RESTORE HOPE: LIBERIA Begins a New Chapter with Reading Campaign
RESTORE HOPE: LIBERIA is currently working on two fronts to address the issue of illiteracy in Kolahun.
Fifty seven percent of adults in Liberia are illiterate, according to UNICEF, primarily due to the disruption in education during the civil war (1989-2003). The literacy rate in Kolahun, a rural village, is likely even higher.
Kolahun’s adult women are eager to improve their lives by learning to read, which they know is the gateway to knowledge. They are serious students.
These women are the caregivers of the vulnerable youth that RESTORE HOPE: LIBERIA supports. Many of them are fostering orphans or have taken in children of extended family. They are exceptional, though they are not the exception.
On a typical Friday afternoon you will find them at literacy classes taught by RESTORE HOPE: LIBERIA staff. In the sparsely furnished classroom (which is often a shaded space under a mango tree), the blackboard will be covered with simple words; students will be practicing their reading and memorizing new vocabulary. Though they may not know the history of Frederick Douglass, the former slave and American abolitionist, they do share, instinctively, his belief in the power of literacy. When they learn to read and write, they will gain the ability to create their own story, and to shape their lives and the lives of their families and surrounding communities.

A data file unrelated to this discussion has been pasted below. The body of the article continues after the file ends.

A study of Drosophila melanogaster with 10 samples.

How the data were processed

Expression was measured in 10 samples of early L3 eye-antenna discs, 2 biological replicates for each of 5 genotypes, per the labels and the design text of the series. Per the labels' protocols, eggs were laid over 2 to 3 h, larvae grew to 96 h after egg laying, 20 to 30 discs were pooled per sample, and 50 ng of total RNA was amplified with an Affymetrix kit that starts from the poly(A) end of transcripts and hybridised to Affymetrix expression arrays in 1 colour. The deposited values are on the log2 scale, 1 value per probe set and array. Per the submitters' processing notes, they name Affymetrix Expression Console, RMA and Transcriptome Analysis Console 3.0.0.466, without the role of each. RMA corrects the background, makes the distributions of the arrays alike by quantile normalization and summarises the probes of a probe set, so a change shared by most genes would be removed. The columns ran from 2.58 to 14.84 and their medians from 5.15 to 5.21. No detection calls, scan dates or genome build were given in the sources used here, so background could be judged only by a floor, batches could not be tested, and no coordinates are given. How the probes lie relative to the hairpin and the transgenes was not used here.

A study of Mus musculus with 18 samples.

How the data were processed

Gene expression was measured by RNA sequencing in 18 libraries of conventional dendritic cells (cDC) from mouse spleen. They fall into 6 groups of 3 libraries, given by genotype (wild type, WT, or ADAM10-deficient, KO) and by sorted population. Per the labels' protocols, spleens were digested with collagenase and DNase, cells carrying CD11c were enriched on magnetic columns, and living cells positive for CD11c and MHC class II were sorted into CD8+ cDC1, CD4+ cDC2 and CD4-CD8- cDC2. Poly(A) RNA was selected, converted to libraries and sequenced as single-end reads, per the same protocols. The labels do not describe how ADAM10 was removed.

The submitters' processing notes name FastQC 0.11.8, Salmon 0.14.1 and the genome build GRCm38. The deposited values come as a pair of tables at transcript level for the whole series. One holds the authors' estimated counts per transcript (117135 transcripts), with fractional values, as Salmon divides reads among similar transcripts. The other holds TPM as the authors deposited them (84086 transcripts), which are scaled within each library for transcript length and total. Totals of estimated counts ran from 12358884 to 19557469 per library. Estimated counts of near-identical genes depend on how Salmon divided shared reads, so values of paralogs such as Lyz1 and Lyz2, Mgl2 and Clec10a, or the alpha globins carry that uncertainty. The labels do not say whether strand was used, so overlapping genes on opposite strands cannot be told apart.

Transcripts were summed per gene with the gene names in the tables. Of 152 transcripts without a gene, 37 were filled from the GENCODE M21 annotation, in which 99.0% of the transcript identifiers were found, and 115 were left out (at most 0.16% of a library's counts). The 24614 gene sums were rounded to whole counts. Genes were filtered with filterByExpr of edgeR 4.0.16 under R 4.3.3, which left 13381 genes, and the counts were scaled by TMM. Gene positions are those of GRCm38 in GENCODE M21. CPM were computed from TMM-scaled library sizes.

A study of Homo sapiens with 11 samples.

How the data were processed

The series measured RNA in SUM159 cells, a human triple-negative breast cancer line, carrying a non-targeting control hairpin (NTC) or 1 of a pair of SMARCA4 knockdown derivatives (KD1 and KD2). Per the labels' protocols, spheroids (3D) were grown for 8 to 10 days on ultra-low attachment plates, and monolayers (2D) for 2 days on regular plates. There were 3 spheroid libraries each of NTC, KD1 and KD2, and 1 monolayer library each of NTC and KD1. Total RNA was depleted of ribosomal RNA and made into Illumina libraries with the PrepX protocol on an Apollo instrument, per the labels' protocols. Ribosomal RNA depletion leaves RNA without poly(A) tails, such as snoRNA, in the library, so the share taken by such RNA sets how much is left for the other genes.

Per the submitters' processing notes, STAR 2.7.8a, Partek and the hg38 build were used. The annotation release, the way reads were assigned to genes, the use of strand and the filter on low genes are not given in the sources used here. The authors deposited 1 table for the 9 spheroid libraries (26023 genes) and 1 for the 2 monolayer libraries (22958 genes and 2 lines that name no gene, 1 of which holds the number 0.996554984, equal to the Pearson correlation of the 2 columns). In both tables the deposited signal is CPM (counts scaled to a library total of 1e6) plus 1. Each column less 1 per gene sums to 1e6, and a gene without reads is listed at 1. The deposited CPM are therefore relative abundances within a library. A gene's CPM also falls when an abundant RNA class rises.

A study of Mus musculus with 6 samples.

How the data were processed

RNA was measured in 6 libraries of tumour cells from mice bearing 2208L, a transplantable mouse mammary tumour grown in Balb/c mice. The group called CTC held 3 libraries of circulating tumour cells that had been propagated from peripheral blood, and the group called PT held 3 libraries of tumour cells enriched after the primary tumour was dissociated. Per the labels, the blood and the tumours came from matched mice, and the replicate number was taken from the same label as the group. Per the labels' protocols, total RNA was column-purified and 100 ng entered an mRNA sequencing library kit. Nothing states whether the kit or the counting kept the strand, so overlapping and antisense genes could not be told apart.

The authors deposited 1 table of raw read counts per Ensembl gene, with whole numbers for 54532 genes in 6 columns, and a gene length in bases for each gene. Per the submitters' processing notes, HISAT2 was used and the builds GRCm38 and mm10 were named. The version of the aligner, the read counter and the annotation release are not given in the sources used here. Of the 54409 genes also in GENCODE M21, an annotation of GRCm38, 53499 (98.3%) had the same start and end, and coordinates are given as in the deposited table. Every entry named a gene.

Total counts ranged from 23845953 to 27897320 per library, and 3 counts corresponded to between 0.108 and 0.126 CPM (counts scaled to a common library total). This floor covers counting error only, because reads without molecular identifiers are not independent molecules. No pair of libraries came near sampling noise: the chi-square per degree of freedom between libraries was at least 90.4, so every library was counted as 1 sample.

Underscoring its commitment to literacy is RESTORE HOPE’s belief that books should be in hands, not on shelves. Thanks to The Desai Family, Ray Clark and Family, Darlington Martor and his team at Anything Is Everything, and other donors, RESTORE HOPE: LIBERIA has acquired a significant collection of books.
Children of all ages are devouring them! For a community where books are rare, these are real treasures for the children. During story time, they sit fully absorbed and captivated. It is all so magical.
Starting from the preschool years, the children enrolled in RESTORE HOPE are encouraged to handle books, turn the pages and read as much as they can. Some caregivers will be able to read along with the children, while other caregivers will be strengthening their literacy skills in the process.
At a recent caregivers' meeting, the RESTORE HOPE team stressed the vital importance of regular reading as the foundation to academic success.
The books are currently available to any RESTORE HOPE enrollee or caregiver to check out. Children are encouraged to take them home and read them as much as they’d like.
When the Vocational Education & Training Center is completed, the community library will be set up there to ensure access for all.
The books are also strengthening our tutorial program by giving tutors additional material with which to help students. Tutors will be spending a portion of their afternoons in one-on-one reading sessions with students who need extra literacy assistance.
Meanwhile, RESTORE HOPE: LIBERIA is collaborating with local Peace Corps volunteer, Carson Stacey. He and RESTORE HOPE’s Field Coordinator, James Kpangbai are planning an upcoming reading competition event for the children.
The ability to read infinitely expands one’s world. It gives a depth and fullness to one’s life. We are working to make sure each child masters reading, ensuring a lifetime of greater opportunities.